Ypsilanti City Council begins discussing 5-year plan to eliminate projected budget shortfall
The Ypsilanti City Council emerged from a third and final budget meeting with the goal of developing a five-year financial plan to avert a $10.69 million budget shortfall projected for 2017. The plan would balance the city’s expenditures and revenues.
Under consideration are a range of options that include tax increases and spending cuts, and several measures will end up in front of voters.
However, which measures Council moves forward with won’t be determined until its February 6 goal-setting meeting.
An income tax and Water Street debt retirement millage that would go before voters is gaining the most attention publicly, and Council Members Brian Robb and Pete Murdock had previously pushed for for the inclusion of more significant budget reductions. Without that, they said, the city shouldn’t be going before voters to ask for tax increases.
Among other options gaining some traction are a stormwater utility fee, placing a special assessment district around streetlights in the city, asking for concessions in collective bargaining agreements and selling some city property.
The city is also targeting $650,000 in budget reductions.
At a November budget meeting, Robb gave an impromptu presentation that demonstrated how much the city must reduce from its budget and generate from new taxes to achieve solvency in five years.
According to the calculations now guiding council’s discussions, the city must cut $1.3 million over the next two budget cycles. That would provide $2 million in additional reserves if the income tax and Water Street millage are approved and the cuts are made.
The special assessment district around the city’s streetlights has been discussed more in the last month. The city can create tax districts around public services it provides, and it is a measure most commonly used in new residential developments where municipalities charge for water mains or sewers that are extended into new subdivisions.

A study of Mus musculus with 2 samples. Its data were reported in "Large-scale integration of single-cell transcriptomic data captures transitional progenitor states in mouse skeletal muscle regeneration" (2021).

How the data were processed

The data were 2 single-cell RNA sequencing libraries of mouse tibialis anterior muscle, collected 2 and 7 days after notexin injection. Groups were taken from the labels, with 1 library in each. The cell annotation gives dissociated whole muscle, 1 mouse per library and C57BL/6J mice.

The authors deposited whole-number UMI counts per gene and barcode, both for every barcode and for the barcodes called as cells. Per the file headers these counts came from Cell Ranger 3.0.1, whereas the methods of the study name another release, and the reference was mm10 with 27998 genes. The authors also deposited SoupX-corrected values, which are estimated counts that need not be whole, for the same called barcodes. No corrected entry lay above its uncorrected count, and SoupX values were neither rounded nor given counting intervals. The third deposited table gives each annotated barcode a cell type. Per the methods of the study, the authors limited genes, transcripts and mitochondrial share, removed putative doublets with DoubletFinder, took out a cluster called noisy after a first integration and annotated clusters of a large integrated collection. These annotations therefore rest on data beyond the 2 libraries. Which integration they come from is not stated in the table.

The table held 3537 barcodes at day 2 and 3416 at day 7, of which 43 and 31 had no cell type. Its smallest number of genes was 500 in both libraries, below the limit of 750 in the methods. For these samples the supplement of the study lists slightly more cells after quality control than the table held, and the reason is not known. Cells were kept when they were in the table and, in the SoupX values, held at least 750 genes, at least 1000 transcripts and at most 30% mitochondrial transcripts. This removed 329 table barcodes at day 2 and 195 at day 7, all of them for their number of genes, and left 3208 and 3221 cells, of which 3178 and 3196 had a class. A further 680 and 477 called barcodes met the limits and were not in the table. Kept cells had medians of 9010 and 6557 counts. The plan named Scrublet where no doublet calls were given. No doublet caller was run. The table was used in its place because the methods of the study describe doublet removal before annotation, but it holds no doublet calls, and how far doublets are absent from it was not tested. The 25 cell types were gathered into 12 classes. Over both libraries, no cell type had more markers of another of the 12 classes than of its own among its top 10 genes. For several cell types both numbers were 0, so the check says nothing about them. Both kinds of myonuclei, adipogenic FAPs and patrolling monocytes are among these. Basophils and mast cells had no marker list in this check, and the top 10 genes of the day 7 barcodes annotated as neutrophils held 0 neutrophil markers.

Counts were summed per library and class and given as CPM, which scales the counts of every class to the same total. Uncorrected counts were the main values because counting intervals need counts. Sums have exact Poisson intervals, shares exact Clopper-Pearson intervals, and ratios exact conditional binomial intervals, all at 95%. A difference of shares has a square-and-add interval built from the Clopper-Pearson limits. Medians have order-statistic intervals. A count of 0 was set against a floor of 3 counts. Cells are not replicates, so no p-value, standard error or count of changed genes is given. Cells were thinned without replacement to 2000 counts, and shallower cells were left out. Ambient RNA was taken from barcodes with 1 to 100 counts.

Creating a special assessment district around streetlights could be done one of several ways. The city could split the cost of operating them with residents. Mayor Paul Schreiber said rough estimates from city staff have the proposal generating around $500,000 and costing most residents an additional $85 annually.
Another option that has been discussed is replacing the bulbs with LED lights and paying for it with a special assessment district that lasts a set number of years. That would then result in significant utility savings.
Some council members, such as Robb and Murdock, consider a special assessment district around streetlights revenue because it taxes residents to generate funds, but other council members and City Manager Ed Koryzno see it as a budget reduction because it would save the city utility costs.
Whether a special assessment is classified as revenue or reduction is important because the city is trying to find $650,000 in cuts as part of its five-year plan. If it is considered a cut, then the city only needs to find an additional $150,000 in reductions this year. If it’s considered revenue, then the city still must look for $650,000 in reductions.
Either way, Council is asking city staff to recommend $650,000 in additional cuts. Murdock pointed out that the income tax and Water Street debt retirement could fail and force the city to make cuts no matter what the special assessment district is considered.
“I’d still like to get some recommendations on the cuts,” he said. “There are going to have to be some expenditure reductions no matter what we propose. If we can't get some of the major revenues we want, then we’ll be talking about a lot more in cuts than $650,000.
“We need a reality check.”
But Murdock said he didn’t want the lighting district debate to become a “sideshow.” He said the city ultimately needs to figure out a five-year plan that solves the budget problems and will be palatable to voters.
Council also discussed selling the former Boys and Girls Club building it owns on North Grove Street, as well as the timing of the tax increase ballot measures. No direction to staff was given after either discussion.